St. Louis Diversion

When I lived in Memphis, my favorite weekend trip (other than hiking at Sycamore Creek) was to make the four-hour drive north to The Hill in St. Louis. I’m not quite sure how I found out about The Hill, but I’m sure I’ll never forget it. I don’t have any Italian in my blood, but I must have an Italian soul. The one place in the world that I want to visit outside of this country is Italy. I love cappuccinos, cannoli, pastas, garlic, olives, homemade ricotta cheese and virgin olive oil. One day I will find myself in Rome or in the Tuscan countryside, but for now I’ll visit The Hill with lust in my heart.

A few weeks ago on a Sunday I knew I had to get out of my house, and I decided to make the 6-hour drive to St. Louis for some good food and coffee. With the pandemic in full swing I knew I couldn’t do a lot, but I definitely could eat and drink and find a nice place to walk. Ashok and I made our way down on a rainy, cold day and stayed at the Hotel Indigo downtown.

We were in walking distance from The Gateway Arch, so we walked around there a bit. I found myself transfixed by the lines of this beautiful arch and took a hundred photos at different angles. Darkness came quickly, but the pizza I ordered never did. In fact they stiffed me, and I had to work really hard at not letting it ruin my trip. The hotel was lovely as was the front desk clerk, and I enjoyed a night away from my little house that is getting a bit claustrophobic here at the end of winter. My dinner was dried chickpeas and some fruit, and I lived to see another day. It could have been worse.

The next morning I chose a breakfast spot on Cherokee Antique Row. The Mud House was a cute little coffee house/restaurant in a historic building. It was lovely but small, so the tables were cleared out for Covid. I sat in an outdoor tent on the 60ish degree morning, and the server was nice enough to put me right by a heater so I’d be comfortable. The French Lentils and egg dish I ordered was amazing, and the coffee was perfect. After eating Ashok and I took a stroll through the historic district. I’d love to come back when things are open, but the architecture was lovely, and I enjoyed imagining this place in its heyday. They even had a Cat Cafe!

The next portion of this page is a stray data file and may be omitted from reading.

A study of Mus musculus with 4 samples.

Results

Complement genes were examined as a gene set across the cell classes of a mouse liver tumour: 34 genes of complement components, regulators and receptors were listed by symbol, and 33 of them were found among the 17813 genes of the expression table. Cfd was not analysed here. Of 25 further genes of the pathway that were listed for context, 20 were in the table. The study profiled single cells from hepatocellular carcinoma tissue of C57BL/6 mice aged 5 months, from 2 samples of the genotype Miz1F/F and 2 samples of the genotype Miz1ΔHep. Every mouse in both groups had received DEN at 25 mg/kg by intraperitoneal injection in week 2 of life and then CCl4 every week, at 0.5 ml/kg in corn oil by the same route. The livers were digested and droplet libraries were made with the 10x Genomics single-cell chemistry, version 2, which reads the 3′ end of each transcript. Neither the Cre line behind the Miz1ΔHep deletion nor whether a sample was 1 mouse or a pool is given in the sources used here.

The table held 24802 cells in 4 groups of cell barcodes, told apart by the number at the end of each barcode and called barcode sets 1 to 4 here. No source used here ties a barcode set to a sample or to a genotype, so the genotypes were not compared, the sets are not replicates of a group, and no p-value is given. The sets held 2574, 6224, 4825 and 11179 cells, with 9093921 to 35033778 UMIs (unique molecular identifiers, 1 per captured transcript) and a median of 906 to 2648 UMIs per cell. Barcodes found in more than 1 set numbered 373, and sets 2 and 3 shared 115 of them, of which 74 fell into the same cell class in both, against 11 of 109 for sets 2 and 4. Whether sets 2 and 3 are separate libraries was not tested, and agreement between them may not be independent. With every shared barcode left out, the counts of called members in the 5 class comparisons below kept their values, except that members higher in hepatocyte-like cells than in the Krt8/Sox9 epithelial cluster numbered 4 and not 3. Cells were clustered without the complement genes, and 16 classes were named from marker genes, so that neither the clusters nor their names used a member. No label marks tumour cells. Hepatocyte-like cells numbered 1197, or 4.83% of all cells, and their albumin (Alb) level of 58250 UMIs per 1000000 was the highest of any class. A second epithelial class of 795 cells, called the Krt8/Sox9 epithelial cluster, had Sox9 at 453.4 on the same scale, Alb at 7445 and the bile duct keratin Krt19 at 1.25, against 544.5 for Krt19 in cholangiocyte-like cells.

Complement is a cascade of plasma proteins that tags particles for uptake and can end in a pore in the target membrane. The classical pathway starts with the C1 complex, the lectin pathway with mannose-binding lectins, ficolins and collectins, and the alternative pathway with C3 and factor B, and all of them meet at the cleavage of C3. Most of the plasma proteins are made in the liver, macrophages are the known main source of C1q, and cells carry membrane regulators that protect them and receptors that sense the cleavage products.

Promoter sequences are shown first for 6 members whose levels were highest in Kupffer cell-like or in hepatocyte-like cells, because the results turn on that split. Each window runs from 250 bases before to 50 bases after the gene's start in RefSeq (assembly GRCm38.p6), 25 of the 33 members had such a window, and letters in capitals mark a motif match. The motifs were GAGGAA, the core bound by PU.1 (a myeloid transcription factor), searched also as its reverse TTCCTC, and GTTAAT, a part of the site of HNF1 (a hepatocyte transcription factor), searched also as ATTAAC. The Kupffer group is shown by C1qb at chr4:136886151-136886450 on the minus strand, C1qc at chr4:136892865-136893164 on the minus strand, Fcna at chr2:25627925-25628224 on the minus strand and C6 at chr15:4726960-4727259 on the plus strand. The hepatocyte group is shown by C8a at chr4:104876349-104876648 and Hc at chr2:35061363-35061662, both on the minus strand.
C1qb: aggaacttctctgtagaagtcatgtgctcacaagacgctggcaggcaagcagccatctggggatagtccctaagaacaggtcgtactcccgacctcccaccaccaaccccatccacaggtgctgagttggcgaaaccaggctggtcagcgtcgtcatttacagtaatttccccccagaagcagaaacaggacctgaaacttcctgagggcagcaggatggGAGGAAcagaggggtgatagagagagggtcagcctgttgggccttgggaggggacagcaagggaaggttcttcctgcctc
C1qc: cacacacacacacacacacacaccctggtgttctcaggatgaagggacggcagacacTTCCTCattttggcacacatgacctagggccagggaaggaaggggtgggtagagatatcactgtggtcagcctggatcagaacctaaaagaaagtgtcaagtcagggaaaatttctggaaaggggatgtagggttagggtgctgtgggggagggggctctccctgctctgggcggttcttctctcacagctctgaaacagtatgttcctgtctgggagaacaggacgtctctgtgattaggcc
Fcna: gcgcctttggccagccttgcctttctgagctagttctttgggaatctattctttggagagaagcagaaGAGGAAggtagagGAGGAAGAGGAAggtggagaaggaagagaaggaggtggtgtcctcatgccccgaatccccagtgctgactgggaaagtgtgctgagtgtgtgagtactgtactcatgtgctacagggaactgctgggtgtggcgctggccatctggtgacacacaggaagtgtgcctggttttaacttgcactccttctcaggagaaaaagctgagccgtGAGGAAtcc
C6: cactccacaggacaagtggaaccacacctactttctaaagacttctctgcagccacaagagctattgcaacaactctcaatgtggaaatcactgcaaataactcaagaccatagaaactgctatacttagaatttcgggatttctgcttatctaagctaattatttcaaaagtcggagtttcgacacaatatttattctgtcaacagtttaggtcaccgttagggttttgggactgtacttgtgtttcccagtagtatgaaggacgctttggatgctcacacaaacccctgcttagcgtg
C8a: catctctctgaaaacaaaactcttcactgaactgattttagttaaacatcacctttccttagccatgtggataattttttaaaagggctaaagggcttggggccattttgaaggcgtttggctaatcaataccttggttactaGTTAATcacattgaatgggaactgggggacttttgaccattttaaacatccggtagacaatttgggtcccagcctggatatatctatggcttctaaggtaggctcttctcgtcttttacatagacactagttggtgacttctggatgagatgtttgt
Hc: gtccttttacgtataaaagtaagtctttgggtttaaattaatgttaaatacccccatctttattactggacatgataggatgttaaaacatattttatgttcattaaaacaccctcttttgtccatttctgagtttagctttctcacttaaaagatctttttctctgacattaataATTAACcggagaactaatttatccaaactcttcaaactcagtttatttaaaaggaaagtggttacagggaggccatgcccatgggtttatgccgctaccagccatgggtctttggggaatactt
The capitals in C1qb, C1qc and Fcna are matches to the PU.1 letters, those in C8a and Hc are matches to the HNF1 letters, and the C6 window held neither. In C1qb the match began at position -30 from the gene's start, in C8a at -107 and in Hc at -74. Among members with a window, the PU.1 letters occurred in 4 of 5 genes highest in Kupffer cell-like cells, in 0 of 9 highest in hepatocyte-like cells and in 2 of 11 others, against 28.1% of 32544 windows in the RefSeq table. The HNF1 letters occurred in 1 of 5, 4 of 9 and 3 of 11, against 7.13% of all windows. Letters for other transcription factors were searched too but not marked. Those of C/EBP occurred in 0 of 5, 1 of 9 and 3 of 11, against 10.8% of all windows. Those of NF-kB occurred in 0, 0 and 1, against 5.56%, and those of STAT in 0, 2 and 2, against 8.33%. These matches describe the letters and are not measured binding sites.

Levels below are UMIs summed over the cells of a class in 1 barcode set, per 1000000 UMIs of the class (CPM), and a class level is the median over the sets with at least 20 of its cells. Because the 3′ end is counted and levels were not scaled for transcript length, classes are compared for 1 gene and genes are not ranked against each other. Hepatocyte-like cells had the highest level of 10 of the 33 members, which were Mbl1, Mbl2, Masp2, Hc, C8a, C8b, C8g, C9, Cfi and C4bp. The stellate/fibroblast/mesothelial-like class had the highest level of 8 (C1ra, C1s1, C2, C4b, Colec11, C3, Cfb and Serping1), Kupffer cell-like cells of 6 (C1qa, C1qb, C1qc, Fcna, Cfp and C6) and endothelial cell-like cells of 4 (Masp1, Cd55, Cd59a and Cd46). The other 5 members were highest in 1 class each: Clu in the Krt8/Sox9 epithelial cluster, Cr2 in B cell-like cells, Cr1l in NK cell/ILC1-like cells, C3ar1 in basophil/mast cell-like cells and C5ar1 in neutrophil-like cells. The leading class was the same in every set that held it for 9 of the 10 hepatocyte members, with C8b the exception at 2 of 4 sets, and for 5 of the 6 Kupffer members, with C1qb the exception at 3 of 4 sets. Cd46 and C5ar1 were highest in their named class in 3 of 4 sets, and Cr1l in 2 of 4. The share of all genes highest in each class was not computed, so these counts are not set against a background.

I took a drive out of town to find a hike, and I stumbled on the Route 66 State Park. We hung around outside the closed Visitor Center looking at the ruins of a bridge and drove across the river to walk. The trail was nice. You could either drive or walk and a lot of it was paved. It was warm which was nice given it’s still cold in Michigan. I just enjoyed being in the sunshine wearing only a light jacket.

I took Ashok back to the hotel and went to The Hill intending on finding lunch and doing some grocery shopping at DiGregorio’s Market. I stocked up on their house sauces, homemade pasta, olive oil, fig preserves and relishes. The staff recommended Anthonino’s Taverna for lunch because they make their own pasta. Anthonino’s is famous for their toasted ravioli. It was featured on Diners, Drive-Ins and Dives, and, in my opinion, deservedly so. But I was blown away with the Salmon fettuccini dish I ordered which featured an olive oil and butter sauce accented with capers and red onion. OMG! Mama Mio! I am truly not sure I’ve ever put anything better in my mouth. After licking the plate and leaving a really big tip, I headed out to my favorite local bakery.

Pandemic traveling has its downside. People are stressed so sometimes hotel and restaurant staff are just not on their game. Revenues are down, so quality sometimes suffers. I’ve really been working hard at appreciating whatever I receive and being grateful that I have the opportunity to get out. I’m focusing on connecting with the people rather than expecting a stellar experience. It’s really the only way to enjoy traveling during this time. And I’ve enjoyed the change of focus. But I did not enjoy that my favorite bakery was closed. I’m not sure if it’s out of business for good or just temporarily, but I was really sad when I saw that sign on the door.

Closed for business….

I found a nice coffee house and soothed myself with a mocha. Then I returned to the arch for some more photos. I was lucky enough to catch an airplane traveling just beyond the top of the arch which made for a very interesting shot. I thought of the people in the airplane looking down at me as I was looking up at them. We are all in a strange world right now, and we need to grab a little happiness wherever we are. St. Louis provided a pretty good distraction. I’d love to come back when everything is back in full swing, but they provided a soft place to land when I really needed a break. I am really grateful for that. And I’m loving that olive oil.

10 Comments on “St. Louis Diversion

  1. Great pictures of the arch! Did you happen to visit the museum underneath? They just redid it a few years ago. We live in St. Charles, but we have not visited the museum yet – due to Covid. I am glad you enjoyed St. Louis. Sorry about your pizza. But hopefully, you’ll be back, and maybe even visit the St. Charles area. Nice post!

  2. Hi, Sharon, being from Missouri myself, I especially enjoyed your trip. My favorite Arch photos are the ones where it’s almost night.